Collecting wild blueberries that the forest creatures missed. Visiting the resident beaver lodge by rowboat and canoe. Chicken wire wrapped around sacred, dwindling birch trees to thwart said beaver attempts at claiming them. Nibbling on wild spearmint, foraged for fun and flavor. The scent of funghi closeby, but where? Fishing with nets, because it’s easy to snag them with bread. Loons approaching, safe in quiet waters and near humans’ watchful eyes. Wild turkeys scrambling and rambling the forest floor. But not a single, solitary other person, except those that invited us in to share, thanks to one wise old lady who wanted to retreat to her own private part of the north woods long, long ago.
This was a first experience for all of us — for me, Luna and Scot — to the wander in the solitude of a private land and lake. Friends of ours from Michigan had invited us to spend time with them on their family property as we would be crossing paths in northern Wisconsin over the Fourth of July holiday. We didn’t know what to expect from this adventure, but we arrived excited to visit with our friends for some great conversation over lunch and beers, and probably a walk in the woods. But we knew things were different — much more than we had ever anticipated — when the wooded entrance was arched by an old sign made of wood, split by a two-track leading to this private, enchanted forest. We were in for a treat.
We parked away from the cabin and outbuildings and were greeted by our friends and their son, who is Luna’s age. We had no plan, so we met the rest of the family and became familiar with the property. Then we hiked in the woods through well-traveled trails to find blueberries, bogs, islands, herbs, mushrooms, dragonflies, trees, frogs and ferns. Then we found our way to the lake and learned that there would be no one else around — no other families, boaters, fishermen, no one — because the lake belonged to them, too. The forward-thinking matriarch of the family, who wanted to spend time in the woods, purchased three hundred acres of land and lake originally and a long time ago. Her own slice of heaven to share with family, and now with us.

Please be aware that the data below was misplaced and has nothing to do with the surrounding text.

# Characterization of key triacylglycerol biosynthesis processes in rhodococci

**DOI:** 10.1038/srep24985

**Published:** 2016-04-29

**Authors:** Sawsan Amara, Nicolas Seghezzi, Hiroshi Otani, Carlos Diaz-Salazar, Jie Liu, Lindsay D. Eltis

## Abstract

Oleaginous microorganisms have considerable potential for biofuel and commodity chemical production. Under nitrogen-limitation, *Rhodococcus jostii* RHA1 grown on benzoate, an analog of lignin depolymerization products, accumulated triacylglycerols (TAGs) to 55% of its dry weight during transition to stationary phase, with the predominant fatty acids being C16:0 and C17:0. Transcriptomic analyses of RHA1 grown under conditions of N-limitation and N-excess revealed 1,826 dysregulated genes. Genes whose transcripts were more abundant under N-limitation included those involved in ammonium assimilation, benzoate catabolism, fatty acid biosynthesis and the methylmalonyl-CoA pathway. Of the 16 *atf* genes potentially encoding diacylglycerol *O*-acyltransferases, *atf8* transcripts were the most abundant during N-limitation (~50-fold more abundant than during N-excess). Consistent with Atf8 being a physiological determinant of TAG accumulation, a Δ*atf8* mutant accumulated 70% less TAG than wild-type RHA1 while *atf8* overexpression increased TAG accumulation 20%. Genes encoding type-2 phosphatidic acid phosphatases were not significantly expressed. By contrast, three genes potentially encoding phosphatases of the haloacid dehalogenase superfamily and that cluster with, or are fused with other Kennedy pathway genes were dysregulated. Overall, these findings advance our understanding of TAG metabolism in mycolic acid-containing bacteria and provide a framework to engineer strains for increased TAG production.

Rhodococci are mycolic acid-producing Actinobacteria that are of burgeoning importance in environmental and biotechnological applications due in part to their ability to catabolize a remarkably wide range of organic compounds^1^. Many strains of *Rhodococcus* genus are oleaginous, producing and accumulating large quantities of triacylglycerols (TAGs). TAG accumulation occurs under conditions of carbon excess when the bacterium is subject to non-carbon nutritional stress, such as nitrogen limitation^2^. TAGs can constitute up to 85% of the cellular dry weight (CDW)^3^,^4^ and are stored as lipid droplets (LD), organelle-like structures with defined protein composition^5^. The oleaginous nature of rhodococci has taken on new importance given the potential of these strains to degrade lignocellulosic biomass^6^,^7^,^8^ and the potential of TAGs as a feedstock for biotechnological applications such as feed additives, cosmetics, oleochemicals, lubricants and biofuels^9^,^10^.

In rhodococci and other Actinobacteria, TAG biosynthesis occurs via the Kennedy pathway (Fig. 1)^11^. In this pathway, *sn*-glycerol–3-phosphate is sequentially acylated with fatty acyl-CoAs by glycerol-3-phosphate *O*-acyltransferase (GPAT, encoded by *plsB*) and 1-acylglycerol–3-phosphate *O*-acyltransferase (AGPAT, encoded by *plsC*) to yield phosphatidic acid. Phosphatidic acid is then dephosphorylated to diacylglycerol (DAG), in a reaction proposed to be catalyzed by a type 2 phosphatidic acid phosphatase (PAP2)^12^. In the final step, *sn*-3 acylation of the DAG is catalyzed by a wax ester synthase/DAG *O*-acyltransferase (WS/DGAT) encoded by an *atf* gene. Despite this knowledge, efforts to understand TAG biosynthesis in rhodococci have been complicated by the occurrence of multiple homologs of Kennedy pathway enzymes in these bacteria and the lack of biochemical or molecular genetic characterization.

So, a cabin in the woods is great. A cabin on a lake is better. A family cabin on a private, family-owned property is completely mind blowing, and humbling, and glorious.
Scot kept looking across the lake as we canoed to the beaver lodge expecting to see other cottages, but there was not one to be found. When it finally set in for him that, indeed, there was no one else around — nor could there be — it changed him. As he said, he “had never experienced this feeling before. Being on a private lake was exhilarating. Freeing. [He] was moved.” As for Luna, she was thoroughly engaged with her friend, catching fish, eating blueberry and spearmint snacks, and dragging her fingers along the water’s surface, while Scot paddled our canoe. As for me, I am at home in the woods and in or on the water and in the peace and quiet of a cabin. The sounds of the forest or the silent glide of the canoe always is exhilarating and meditative. We felt honored to set foot on this beautiful property. We left changed and enlightened.
It was a humbling and magical day, filled with great friends and their families, people who so generously shared their wilderness. It helps that the caretakers of this property, with its rustic cabin and a few more outbuildings, are considerate, nurturing conservationists, appreciative of the gift that one old lady created and bequeathed, and respectful of the land that they continue to share.
Thank you, dear friends, for sharing your treasure. We had a wonderful day.